Why we need new methodologies in government

New methodologies. This is something that we at the HHS IDEA Lab talk about a lot – about how it is important to bring new methodologies into government to help HHS employees work differently, but more importantly, work more effectively and efficiently to better serve their customer – whether they be another government agency or the American people – the best they can. But what does that exactly mean? What methodologies am I talking about and how is the HHS IDEA Lab getting HHS employees to adopt these methodologies?

All good questions.  Let’s take them one at a time.

First, the methodologies I am talking about are business methodologies used in the private sector, typically seen in software development and manufacturing; methodologies like lean, lean startup, agile, and design thinking.  These methodologies have proven to be effective when implemented correctly.

Secondly, we have been experimenting with a couple different ways to get HHS employees to try and adopt these methodologies.

  1. We have integrated training of design thinking and lean startup principles into HHS Ignite, our internal incubator,  so that the current class of participants have had to learn and execute new concepts such as identification of their value proposition, customer segments and conduct user interviews;
  2. We have brought in external experts who have had great success in the private sector with these methodologies through our HHS Entrepreneurs and HHS Innovator-In-Residence pathways. Through both pathways, we have brought in people like Nag Murty, our Innovator-In-Residence with the West Health Institute, who has been trained by the Stanford D School in design thinking, and HHS Entrepreneurs Jared Goralnick, who has had success in starting multiple companies and is bringing design thinking to Administration of Children and Families staff and grantees , and Mindy Hangsleben, who previously worked at Intel and trained experts across the U.S., Asia and Central America on lean methodology and did the same with the employees at the Centers for Medicare & Medicaid Services and the Office of the National Coordinator for Health IT; and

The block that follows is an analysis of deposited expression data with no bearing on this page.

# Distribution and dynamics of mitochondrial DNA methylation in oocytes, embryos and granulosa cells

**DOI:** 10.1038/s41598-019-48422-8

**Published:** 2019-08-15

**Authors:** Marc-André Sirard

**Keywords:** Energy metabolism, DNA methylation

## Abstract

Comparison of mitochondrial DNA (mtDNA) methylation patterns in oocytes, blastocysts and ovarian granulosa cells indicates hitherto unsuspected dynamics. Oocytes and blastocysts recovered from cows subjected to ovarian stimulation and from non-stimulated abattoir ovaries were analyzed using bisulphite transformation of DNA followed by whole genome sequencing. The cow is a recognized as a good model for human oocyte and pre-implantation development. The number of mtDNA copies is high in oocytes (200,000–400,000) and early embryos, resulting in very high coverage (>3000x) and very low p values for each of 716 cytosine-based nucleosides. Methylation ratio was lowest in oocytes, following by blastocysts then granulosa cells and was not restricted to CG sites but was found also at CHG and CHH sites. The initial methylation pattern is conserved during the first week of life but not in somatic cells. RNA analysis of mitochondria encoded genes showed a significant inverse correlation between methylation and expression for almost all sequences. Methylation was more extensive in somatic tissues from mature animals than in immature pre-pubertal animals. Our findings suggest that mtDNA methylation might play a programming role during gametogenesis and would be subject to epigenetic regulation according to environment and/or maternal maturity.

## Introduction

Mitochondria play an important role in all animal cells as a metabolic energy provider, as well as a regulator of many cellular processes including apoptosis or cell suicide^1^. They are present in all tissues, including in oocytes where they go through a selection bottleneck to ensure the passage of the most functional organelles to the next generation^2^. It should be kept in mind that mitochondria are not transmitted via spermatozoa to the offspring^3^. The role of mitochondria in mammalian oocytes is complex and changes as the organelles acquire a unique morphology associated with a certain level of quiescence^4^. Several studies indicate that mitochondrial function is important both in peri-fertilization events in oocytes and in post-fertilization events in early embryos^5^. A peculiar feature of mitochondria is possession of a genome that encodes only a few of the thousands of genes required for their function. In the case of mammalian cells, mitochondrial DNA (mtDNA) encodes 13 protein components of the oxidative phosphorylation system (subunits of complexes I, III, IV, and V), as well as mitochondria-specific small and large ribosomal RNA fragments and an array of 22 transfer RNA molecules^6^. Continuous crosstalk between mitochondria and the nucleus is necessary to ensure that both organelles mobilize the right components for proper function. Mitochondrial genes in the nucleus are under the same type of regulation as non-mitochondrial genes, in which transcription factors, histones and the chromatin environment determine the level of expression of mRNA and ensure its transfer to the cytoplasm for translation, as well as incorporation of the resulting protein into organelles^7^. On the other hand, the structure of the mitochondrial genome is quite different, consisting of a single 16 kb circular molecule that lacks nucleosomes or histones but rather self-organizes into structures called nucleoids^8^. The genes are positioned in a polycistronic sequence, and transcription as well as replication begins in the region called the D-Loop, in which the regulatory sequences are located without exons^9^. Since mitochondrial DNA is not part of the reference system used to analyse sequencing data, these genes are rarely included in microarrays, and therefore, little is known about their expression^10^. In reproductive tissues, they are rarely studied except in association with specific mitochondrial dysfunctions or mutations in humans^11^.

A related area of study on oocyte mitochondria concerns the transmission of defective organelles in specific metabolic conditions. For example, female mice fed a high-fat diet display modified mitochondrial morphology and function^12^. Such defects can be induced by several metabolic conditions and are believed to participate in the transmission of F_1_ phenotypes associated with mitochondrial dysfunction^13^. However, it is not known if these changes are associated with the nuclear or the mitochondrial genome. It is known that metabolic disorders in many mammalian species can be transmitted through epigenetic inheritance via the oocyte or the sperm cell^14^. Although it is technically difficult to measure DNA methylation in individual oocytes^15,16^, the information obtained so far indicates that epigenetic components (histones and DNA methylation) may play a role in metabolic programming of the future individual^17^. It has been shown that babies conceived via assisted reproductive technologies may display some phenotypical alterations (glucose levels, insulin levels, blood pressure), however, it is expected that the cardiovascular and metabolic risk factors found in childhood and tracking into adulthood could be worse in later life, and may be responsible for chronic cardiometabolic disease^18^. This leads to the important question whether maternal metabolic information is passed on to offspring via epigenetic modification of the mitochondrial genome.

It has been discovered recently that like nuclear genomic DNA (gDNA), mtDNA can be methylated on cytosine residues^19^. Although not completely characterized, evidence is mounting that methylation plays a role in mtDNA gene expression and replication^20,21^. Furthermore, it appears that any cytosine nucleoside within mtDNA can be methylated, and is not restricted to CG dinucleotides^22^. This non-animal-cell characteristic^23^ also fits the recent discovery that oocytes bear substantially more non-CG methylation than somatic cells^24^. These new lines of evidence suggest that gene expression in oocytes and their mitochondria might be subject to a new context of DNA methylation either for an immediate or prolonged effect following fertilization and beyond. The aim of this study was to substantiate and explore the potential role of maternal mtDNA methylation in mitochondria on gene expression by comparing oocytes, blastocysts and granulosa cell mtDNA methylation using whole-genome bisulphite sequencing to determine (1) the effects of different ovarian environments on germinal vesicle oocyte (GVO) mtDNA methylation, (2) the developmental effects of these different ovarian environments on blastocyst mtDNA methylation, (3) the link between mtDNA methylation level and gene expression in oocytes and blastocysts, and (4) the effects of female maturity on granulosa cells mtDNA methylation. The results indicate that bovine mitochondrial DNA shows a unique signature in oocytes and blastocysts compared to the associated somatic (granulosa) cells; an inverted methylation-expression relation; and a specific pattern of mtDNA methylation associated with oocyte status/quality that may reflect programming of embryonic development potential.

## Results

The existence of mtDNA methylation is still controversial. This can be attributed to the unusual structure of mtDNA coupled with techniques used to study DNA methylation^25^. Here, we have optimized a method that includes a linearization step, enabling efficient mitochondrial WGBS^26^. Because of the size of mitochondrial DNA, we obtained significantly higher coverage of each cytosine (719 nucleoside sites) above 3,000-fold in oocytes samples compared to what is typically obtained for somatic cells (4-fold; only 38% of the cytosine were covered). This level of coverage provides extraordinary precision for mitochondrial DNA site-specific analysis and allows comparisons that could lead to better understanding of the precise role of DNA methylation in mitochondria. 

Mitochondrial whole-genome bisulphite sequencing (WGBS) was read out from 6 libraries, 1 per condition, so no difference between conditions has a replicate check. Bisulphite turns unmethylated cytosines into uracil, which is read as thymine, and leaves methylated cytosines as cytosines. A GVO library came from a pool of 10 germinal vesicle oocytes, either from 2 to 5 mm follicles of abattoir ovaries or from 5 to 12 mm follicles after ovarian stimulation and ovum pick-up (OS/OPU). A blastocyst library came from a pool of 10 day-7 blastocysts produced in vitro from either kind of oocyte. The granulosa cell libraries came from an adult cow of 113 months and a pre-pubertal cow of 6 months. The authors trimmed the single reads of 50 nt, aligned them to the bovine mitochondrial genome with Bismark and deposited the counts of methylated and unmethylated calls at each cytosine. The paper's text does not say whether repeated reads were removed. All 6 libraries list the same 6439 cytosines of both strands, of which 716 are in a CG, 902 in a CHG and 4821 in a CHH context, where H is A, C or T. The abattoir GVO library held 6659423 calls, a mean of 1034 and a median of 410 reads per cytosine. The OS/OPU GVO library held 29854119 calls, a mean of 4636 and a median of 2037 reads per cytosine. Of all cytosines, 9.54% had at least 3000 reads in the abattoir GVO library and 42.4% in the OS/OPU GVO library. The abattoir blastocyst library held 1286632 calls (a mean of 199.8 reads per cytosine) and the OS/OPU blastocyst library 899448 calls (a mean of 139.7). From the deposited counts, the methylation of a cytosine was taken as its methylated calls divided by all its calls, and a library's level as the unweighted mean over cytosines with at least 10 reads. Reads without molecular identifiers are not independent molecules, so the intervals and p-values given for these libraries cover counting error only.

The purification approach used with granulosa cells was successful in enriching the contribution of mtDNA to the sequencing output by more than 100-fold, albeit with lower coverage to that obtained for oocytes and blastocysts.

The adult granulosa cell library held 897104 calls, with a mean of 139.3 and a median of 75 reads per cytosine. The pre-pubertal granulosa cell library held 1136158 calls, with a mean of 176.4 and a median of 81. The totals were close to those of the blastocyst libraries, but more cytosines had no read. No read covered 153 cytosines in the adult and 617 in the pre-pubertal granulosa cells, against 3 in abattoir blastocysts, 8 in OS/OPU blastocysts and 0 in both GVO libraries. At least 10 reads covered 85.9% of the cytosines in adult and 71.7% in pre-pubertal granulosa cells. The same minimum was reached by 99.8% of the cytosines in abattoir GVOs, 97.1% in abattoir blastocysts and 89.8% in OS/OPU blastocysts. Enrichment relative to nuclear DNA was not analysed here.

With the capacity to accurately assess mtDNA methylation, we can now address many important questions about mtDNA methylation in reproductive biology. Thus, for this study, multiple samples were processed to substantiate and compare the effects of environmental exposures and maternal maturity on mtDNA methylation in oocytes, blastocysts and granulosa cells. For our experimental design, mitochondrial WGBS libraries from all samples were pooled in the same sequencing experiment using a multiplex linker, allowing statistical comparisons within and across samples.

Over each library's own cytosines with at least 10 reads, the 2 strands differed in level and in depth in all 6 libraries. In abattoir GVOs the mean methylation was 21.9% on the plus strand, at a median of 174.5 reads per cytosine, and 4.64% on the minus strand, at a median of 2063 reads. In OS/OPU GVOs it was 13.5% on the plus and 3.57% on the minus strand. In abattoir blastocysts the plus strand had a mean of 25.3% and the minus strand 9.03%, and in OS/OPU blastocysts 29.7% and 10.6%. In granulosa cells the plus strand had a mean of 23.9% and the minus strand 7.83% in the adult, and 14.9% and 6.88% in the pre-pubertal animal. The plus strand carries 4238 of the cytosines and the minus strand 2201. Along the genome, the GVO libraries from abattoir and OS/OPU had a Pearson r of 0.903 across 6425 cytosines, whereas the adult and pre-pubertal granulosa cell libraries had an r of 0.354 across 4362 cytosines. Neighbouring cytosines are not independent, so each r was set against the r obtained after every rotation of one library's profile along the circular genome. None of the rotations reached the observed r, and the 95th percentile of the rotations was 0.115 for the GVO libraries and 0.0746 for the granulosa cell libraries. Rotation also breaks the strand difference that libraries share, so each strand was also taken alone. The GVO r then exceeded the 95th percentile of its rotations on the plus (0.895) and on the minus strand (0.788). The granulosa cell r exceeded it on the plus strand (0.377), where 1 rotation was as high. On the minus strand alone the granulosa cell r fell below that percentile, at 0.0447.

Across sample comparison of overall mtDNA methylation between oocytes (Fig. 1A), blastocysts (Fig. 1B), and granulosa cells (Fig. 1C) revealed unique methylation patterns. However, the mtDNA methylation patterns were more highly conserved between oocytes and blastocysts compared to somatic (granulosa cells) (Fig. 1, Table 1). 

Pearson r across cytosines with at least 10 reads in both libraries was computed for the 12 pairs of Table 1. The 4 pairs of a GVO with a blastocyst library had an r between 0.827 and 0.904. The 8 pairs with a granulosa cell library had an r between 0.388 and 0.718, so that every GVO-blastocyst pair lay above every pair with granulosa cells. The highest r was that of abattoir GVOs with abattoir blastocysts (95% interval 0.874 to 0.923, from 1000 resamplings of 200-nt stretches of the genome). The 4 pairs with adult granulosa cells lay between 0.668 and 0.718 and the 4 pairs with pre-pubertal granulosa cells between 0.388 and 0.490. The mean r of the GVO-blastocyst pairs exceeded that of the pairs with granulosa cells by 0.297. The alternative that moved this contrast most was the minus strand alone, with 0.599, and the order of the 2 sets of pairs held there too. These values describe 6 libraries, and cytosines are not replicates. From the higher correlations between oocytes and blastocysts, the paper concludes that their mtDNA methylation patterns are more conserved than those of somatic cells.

3. We are integrating new methodologies into requirements as well as utilizing existing ones seldom used.  With the launch of the new HHS Buyers Club initiative, we are changing the way IT projects are acquired and implemented. The Buyers Club encourages program management, contracting/procurement officials, and other acquisition stakeholders to move away from antiquated IT development methodologies like waterfall – where the end product may or may not meet your user’s needs – to agile, which enables frequent user feedback through multiple iterations and a series of sprint development cycles.

So we are trying to get these new methodologies into the hands of HHS employees, and now you know how we are doing it, but you may not know why.  The reason is simple, as a government we need to modernize, we need to do things better and a new way of operating will help get us there. It’s insane to think that if we continue to do things the same way that we will get a different result – which is why we need to change the way we work.  Different operating methodologies will yield different results.  And if there is so called “failure” along the way, that should be accepted and used as a teaching moment, as a way to learn from our results and make adjustments.

If you want to just get a taste of some of the work being done, check out the video by Mindy Hangsleben on lean methodology at HHS through the HHS Entrepreneurs pathway.